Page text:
The Affordable Care Act is a landmark health care law that President Obama signed to help millions of Americans and their families afford and keep quality health care coverage. But Mitt Romney has said that on “day number one of my presidency, I will get a waiver from Obamacare for all 50 states and I will see that it is repealed.”
The Affordable Care Act has provided significant benefits for America’s seniors. Take a look at how the health care law has improved the lives of millions of seniors and how Romney’s repeal could jeopardize their health care:
Before the health care law:
Millions of seniors fell into the Medicare “doughnut hole”—a gap in prescription drug coverage that forced seniors to pay out of pocket, sometimes thousands of dollars, for medication.
Preventive services under Medicare often came with a co-pay, deductible, or coinsurance.
With the health care law:
Seniors who fall into the “doughnut hole” coverage gap can now get 50 percent discounts on brand name prescriptions and 14 percent discounts on generic drugs. This crucial reform allowed seniors and people with disabilities to save an average of $600 in 2011. In 2020, the “doughnut hole” gap will be closed for good.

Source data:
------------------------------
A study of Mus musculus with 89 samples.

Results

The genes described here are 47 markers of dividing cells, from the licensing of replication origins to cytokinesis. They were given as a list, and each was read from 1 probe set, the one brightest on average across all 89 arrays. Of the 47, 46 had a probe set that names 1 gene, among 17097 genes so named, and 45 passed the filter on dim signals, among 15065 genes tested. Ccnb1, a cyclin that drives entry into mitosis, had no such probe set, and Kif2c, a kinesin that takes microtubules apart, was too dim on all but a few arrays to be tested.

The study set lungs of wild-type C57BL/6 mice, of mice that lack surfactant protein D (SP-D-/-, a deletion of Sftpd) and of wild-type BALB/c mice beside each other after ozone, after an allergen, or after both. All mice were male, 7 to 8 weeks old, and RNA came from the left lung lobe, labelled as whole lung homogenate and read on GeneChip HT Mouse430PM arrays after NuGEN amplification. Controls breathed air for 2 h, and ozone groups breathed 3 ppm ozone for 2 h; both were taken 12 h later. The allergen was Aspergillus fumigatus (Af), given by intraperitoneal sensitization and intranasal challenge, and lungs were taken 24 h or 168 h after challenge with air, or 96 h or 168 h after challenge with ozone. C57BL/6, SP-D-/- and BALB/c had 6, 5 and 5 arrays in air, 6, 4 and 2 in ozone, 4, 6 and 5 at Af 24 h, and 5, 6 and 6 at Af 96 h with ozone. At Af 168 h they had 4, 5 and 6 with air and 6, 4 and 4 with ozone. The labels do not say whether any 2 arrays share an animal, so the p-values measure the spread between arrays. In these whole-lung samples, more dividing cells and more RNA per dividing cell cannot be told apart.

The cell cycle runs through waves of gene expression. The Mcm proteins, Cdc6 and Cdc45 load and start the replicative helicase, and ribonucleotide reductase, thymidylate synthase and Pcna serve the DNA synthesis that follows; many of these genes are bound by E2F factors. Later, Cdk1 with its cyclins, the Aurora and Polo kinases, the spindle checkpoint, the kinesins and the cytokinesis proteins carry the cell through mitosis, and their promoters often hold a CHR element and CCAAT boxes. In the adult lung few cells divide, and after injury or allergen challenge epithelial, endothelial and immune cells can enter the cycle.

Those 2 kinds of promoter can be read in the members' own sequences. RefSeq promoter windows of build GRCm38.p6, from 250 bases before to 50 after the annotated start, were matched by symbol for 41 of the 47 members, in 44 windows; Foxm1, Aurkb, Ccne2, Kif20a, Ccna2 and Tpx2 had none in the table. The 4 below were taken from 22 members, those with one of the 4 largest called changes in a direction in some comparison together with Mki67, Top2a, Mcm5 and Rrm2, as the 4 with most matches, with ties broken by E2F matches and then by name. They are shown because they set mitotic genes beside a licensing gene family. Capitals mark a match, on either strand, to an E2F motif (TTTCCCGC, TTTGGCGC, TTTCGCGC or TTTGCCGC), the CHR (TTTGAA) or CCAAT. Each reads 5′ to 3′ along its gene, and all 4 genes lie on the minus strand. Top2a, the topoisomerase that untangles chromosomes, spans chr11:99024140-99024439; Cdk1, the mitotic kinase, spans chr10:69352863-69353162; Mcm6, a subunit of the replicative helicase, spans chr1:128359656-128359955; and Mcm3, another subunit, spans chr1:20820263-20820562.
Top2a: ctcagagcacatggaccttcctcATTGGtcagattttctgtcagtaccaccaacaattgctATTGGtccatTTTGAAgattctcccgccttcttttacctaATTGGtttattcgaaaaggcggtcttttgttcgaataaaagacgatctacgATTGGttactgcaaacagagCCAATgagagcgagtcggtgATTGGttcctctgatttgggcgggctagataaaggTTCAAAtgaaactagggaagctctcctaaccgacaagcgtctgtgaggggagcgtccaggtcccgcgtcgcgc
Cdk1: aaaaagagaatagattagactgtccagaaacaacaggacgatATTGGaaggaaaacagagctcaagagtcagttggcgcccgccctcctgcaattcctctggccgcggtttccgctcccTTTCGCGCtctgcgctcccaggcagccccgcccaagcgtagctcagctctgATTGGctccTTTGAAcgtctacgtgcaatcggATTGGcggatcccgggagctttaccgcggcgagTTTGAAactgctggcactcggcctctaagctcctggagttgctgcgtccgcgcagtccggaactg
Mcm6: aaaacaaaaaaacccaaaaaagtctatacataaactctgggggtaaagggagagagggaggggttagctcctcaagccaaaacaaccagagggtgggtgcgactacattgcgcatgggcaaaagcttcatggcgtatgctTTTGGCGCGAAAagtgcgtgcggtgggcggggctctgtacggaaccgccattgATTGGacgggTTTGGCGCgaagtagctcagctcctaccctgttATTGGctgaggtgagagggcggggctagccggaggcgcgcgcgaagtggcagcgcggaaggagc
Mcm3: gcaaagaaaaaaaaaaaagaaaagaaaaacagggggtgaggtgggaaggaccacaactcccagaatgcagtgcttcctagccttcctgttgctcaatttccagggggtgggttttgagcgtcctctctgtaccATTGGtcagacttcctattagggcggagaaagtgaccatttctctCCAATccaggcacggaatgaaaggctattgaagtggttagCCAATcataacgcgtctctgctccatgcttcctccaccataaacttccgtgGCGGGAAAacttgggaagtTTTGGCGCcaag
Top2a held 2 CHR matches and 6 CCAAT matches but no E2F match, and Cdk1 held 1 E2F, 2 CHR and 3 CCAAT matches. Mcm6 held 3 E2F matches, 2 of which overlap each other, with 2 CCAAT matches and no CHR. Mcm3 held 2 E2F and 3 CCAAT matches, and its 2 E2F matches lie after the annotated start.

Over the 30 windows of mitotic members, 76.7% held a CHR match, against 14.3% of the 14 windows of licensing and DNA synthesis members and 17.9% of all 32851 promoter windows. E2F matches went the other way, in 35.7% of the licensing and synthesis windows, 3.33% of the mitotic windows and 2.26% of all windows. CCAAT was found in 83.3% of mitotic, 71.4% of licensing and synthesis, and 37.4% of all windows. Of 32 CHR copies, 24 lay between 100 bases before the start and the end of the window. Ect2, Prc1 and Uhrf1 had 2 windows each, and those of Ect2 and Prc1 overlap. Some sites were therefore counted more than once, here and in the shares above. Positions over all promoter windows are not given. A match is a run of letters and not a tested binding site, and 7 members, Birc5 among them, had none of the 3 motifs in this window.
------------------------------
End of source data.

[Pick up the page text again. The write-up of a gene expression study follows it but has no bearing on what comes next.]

Now, preventive services including annual checkups, flu shots, mammograms, cancer screenings, and blood pressure tests are free of charge.
Who would Romney’s repeal actually hurt?
At least 3.6 million Americans have already benefited from the “doughnut hole” discounts. 25.7 million people enrolled in traditional Medicare received at least one free preventive benefit in 2011 and, combined with those enrolled in Medicare advantage plans, about 32.5 million people on Medicare benefited from preventive health services with no cost sharing.
If Romney repealed the law, millions of seniors and people with disabilities will struggle to pay for the medications and the quality health care that they’ve earned and deserve.